There is a whistling sound a ball makes when it comes out of the hand well. When it has just enough revolutions, when it has left the fingers at just the right release point, when the action has a solid follow through on it. Shreyas Gopal would have heard it on Tuesday night.
I know what you are thinking; it’s impossible to hear anything in the din of an IPL match, where umpires need an earpiece just to hear what’s happening at the other end, and where captains communicate with fielders through hand signals that look like PT exercises. I grant you, you’re right. Maybe it is less of a sound and more of a feel. Maybe the sound, heard many times before in quiet practice, simply plays in your head.
I imagine Shreyas Gopal heard that sound in the seventh over, when he bowled a wrong ‘un to almost beat Virat Kohli’s defences and pin him LBW in front of the stumps. Kohli wasn’t expecting another googly immediately, but he should have been; once a bowler has gotten a taste of that perfect feel, he is nearly compelled to chase it again.
The follow-up was even better. That same feel from the hand, slightly fuller, drawing Kohli into a drive and then rushing through the gap between bat and pad. Blue stumps turned red, and Shreyas’ reaction said a lot about who he is; disbelief more than jubilation, belying the child-like approach with which he goes about his cricket.
“I feel really lucky at the moment,” he said immediately after he added AB de Villiers and Shimron Hetmyer to his list of victims. The reaction to the dismissal of de Villiers was just as endearingly unbelievable. Shreyas, reportedly, bowled to the Indian team as a net bowler during the 2011 World Cup. Now he was discussing the dismissals of two of the best living batsmen. “These are world-class players at the end of the day, and you don’t really stand much of a chance,” he went on to say.
But if you’re a serious follower of Indian cricket, Shreyas’ performances will not be as incredulous to you as they seemed to be to him, even though he did pretty much the same against RCB last year. Shreyas’ father Gopal Ramaswamy, a club cricketer with a two-decade-long career, ensured Shreyas subsisted on cricket since his childhood. Now Shreyas has multiple Ranji Trophy titles to his name, a hat-trick against Rest of India, and four first-class hundreds, with a top score of 150, and more than 200 wickets in all domestic cricket.
According to J Arunkumar, the Karnataka coach writing in the Wisden India almanac 2015, Shreyas’ inclusion in the Karnataka Ranji team in the 2013-14 season was the ‘turning point in the campaign’, helping Karnataka break a 15-year title drought and win the next two titles. He was a key figure in Karnataka’s win in this year’s Syed Mushtaq Ali trophy as well, taking 13 wickets from eight games. Now, after years of putting in anonymous performances in domestic cricket, Shreyas has finally had a moment that could open a door for him in the India 'A' setup.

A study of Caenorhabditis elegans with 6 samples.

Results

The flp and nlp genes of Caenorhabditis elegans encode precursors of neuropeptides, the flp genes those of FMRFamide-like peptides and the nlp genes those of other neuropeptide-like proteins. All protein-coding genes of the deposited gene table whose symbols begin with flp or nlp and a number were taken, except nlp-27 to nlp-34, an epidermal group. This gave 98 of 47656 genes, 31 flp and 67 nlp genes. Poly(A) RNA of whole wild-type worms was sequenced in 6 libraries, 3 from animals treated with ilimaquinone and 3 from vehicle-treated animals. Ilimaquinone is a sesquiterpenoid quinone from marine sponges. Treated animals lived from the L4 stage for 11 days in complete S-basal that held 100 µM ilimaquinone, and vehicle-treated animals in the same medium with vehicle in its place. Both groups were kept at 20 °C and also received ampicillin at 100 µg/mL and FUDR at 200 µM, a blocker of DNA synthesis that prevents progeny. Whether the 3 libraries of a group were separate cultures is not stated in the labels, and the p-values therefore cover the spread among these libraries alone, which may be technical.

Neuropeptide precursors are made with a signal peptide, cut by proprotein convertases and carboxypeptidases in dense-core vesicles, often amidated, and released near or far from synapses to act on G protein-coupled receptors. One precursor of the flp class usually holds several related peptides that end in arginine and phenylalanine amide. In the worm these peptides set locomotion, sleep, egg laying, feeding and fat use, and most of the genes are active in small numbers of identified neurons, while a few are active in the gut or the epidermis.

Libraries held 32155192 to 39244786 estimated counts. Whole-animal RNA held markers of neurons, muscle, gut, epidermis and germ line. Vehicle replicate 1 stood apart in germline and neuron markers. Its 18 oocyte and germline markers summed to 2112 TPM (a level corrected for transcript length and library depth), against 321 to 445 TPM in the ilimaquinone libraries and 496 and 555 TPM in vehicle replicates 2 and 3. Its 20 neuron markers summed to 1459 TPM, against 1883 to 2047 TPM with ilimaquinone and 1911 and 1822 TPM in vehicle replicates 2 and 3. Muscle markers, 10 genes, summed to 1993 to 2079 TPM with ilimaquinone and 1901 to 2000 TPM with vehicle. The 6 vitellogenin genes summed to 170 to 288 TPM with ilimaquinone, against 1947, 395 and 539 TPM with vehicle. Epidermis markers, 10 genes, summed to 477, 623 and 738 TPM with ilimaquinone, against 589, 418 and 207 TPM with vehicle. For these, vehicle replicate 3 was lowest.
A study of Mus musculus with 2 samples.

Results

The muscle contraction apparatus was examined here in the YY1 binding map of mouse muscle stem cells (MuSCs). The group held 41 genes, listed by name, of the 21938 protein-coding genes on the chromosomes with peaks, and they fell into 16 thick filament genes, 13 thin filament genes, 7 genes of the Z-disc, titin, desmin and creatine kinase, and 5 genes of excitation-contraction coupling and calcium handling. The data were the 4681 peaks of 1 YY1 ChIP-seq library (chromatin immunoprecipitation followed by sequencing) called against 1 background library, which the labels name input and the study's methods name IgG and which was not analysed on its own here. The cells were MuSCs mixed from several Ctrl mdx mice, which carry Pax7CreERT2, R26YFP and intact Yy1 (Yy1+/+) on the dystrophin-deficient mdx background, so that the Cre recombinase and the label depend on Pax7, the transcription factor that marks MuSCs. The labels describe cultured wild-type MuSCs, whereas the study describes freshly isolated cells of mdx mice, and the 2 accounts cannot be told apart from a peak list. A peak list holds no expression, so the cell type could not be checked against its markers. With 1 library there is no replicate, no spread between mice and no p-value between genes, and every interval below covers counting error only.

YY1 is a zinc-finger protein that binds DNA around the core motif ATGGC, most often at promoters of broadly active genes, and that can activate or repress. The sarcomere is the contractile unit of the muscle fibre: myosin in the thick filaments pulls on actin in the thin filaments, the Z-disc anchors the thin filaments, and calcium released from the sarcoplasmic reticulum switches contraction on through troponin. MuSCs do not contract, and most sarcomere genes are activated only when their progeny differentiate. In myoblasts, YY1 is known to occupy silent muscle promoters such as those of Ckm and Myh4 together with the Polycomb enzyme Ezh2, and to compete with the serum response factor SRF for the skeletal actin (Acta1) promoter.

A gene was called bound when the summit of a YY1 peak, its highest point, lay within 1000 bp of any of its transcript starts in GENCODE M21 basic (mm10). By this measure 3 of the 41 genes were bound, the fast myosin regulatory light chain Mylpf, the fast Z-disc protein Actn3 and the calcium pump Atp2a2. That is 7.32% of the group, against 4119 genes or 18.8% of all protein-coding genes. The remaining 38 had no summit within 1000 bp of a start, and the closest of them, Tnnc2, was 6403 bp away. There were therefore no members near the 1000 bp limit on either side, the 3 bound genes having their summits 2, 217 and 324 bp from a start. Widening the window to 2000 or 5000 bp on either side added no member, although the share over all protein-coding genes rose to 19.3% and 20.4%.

So where’s he been all these years? A player who averages 35 with the bat and 26 with the ball in first-class cricket, who bowls unconventional leg-spin in the image of his idol Anil Kumble, and can turn the ball both ways, should be someone who franchises fight over. But Shreyas spent the first five seasons of the IPL mostly on the Mumbai Indians bench, playing just a handful of games.
Rajasthan picking him up in the 2018 auction has allowed him regular game-time, and his showing against RCB last season shone some spotlight on him. Still, for a franchise whose mentor is one of the best spinners in the world, you wouldn’t expect Shreyas to be the lead spinner in the side. But this season he has grown into the role, despite not being used as well. His economy so far stands at just 5.58 runs per over, and yet he has not bowled his full quota in two of the three previous matches. Perhaps the management too believed that in this annual cricketing crucible, Shreyas didn’t stand much of a chance.
This performance should change that, and we may see RR captain Ajinkya Rahane leaning a little more on Shreyas now. “This is one of my biggest days and biggest moments in my cricketing journey,” Shreyas said. When you get the likes of Kohli and de Villiers out once in the IPL, you get applause. When you do it twice, you get noticed.